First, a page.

May 26, 2023

Caregivers often forgotten as member of care team for those with dementia

UCalgary researcher Zahinoor Ismail teams up with Gordie Howe CARES to support caregivers and learn from them
UCalgary researcher studying stress of being a caregiver for someone with dementia.
UCalgary researcher Zahinoor Ismail studies stress of being a caregiver for someone with dementia. Riley Brandt, University of Calgary

Dr. Zahinoor Ismail, MD, wants to learn more about the mental and physical load caregivers experience as they look after someone with dementia. As a clinician and researcher, Ismail says caregivers play a central role with little to no support or recognition.

“It’s essential when providing dementia clinical care that you speak to caregivers. They are fundamental to the process,” says Ismail, a neuropsychiatrist at Alberta Health Services and professor at the Cumming School of Medicine.

“Due to concerns about confidentiality, our primary care system often doesn’t involve a caregiver early on, leaving them without a voice. Then our system doesn’t support the caregiver through someone’s cognitive decline until substantial functional impairments are evident.”

Ismail’s concern for caregivers is shared by Gordie Howe CARES. The charity is supporting a national study led by Ismail aimed at understanding the challenges faced by caregivers, health-care professionals as well as family members and friends.

Gordie Howe, fondly remembered as Mr. Hockey.

Gordie Howe and his children have all provided care for a loved one with dementia.

Provided by Gordie Howe CARES

“Gordie Howe, fondly known as Mr. Hockey, was the caregiver for his wife, Colleen, as she experienced cognitive decline. Later he developed dementia and relied on help from his children,” says Jay Haralson, board chair, Gordie Howe CARES. “The family understands the struggles and hopes to see more strategies and mechanisms to support caregivers through the journey.”

Ismail has developed two scales to measure levels of stress, one for informal caregivers, like family members or friends, and one for formal or paid caregivers, like nurses, physicians, care aids and companions.

"When I hear when someone hits a home care worker, who then won’t come back, and now the family member can’t go to work, I often wonder, what is it like for them, how can we help them?” says Ismail. “There are so many complex pieces. We need a better understanding of what happens over time for caregivers, both in terms of risk and resilience, so we can inform system change.”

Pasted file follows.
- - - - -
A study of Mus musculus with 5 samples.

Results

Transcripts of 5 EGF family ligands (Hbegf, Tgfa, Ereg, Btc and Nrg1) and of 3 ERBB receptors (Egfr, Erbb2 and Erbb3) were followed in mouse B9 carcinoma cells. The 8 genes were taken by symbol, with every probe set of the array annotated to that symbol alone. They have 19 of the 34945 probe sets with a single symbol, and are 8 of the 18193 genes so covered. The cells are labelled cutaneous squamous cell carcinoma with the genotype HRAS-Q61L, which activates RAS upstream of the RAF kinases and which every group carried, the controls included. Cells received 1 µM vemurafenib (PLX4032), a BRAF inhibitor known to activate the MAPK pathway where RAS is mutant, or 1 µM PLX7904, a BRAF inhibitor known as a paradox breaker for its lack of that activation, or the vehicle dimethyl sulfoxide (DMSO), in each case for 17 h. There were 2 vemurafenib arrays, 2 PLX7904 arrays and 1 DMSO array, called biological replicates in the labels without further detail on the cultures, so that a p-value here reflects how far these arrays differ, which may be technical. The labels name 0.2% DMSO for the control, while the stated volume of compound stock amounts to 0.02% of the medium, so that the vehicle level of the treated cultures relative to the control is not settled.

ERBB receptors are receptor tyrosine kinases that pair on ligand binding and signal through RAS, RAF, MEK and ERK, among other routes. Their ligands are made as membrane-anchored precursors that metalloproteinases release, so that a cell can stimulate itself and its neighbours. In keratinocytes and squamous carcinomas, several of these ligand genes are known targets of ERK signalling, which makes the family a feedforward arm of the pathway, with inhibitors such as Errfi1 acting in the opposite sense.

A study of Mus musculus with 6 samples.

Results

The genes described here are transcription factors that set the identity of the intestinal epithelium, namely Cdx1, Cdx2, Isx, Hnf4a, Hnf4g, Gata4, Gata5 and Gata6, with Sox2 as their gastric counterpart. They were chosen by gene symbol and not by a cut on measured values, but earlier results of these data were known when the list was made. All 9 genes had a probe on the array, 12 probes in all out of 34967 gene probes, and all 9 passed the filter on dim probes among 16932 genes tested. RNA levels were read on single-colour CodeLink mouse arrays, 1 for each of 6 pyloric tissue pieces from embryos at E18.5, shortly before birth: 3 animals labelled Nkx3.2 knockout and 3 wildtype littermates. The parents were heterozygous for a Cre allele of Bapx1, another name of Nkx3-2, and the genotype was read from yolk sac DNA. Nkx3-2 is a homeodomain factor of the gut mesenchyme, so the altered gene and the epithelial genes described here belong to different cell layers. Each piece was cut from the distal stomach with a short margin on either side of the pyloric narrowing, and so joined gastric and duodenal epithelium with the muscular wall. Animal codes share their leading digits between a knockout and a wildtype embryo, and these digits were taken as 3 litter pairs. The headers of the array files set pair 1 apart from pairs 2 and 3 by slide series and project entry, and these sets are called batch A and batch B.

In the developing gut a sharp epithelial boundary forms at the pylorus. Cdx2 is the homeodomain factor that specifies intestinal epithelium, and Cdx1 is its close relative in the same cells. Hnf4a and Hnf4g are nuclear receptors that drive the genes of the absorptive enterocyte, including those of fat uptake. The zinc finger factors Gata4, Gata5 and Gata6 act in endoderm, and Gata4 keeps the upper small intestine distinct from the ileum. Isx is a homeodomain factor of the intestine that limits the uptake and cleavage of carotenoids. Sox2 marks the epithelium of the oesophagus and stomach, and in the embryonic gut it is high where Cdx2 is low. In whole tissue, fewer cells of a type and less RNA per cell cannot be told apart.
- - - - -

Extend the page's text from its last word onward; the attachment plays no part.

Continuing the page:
The caregivers’ study is part of a larger study on brain aging called CAN-PROTECT. Participants sign on in pairs. There are brain training games, and annual assessments of cognition, function, behaviour, quality of life, diet, and lifestyle. Ismail says the platform will allow us to boost our understanding of brain aging and maximize research on dementia prevention and treatment. Caregivers would register as CAN-PROTECT participants and also identify as caregivers to complete the additional questionnaires, which will help better understand their experience.

The caregivers’ study is part of a larger study on brain aging called CAN-PROTECT.

The caregivers’ study is part of a larger study on brain aging called CAN-PROTECT.

Riley Brandt, University of Calgary

Dementia can be treated, but not cured. As cognition and function decline for the person, responsibility increases for the caregiver.

“At first, caregiving may include helping with finances, picking up groceries, and taking a person to appointments,” says Ismail. “Responsibilities increase as time goes on, feeding and toileting the person. Adding to that there can be the increasing challenge of being asked the same question multiple times or dealing with lost items, difficulties relaying instructions, or coping with behavioural or personality changes.”

Ismail is also a scientific adviser for Gordie Howe CARES. The group developed Ripples, an online engagement tool and community platform for caregivers to share experiences and ask questions.

CAN-PROTECT is open to any Canadians 40 years of age or older. Learn more about the study.

Brain and Mental Health Strategy (BMH)

Led by the Hotchkiss Brain Institute at the University of Calgary, the BMH Strategy explores an improved understanding of the brain and nervous system and new treatments for neurological and mental health disorders, aimed at improving quality of life and patient care. Learn more about the HBI

Zahinoor Ismail is a professor in the departments of Psychiatry, Clinical Neurosciences, Community Health Sciences, and Pathology & Laboratory Medicine at the Cumming School of Medicine (CSM). He is a member of the Hotchkiss Brain Institute, The Mathison Centre for Mental Health Research & Education and the O’Brien Institute for Public Health at the CSM.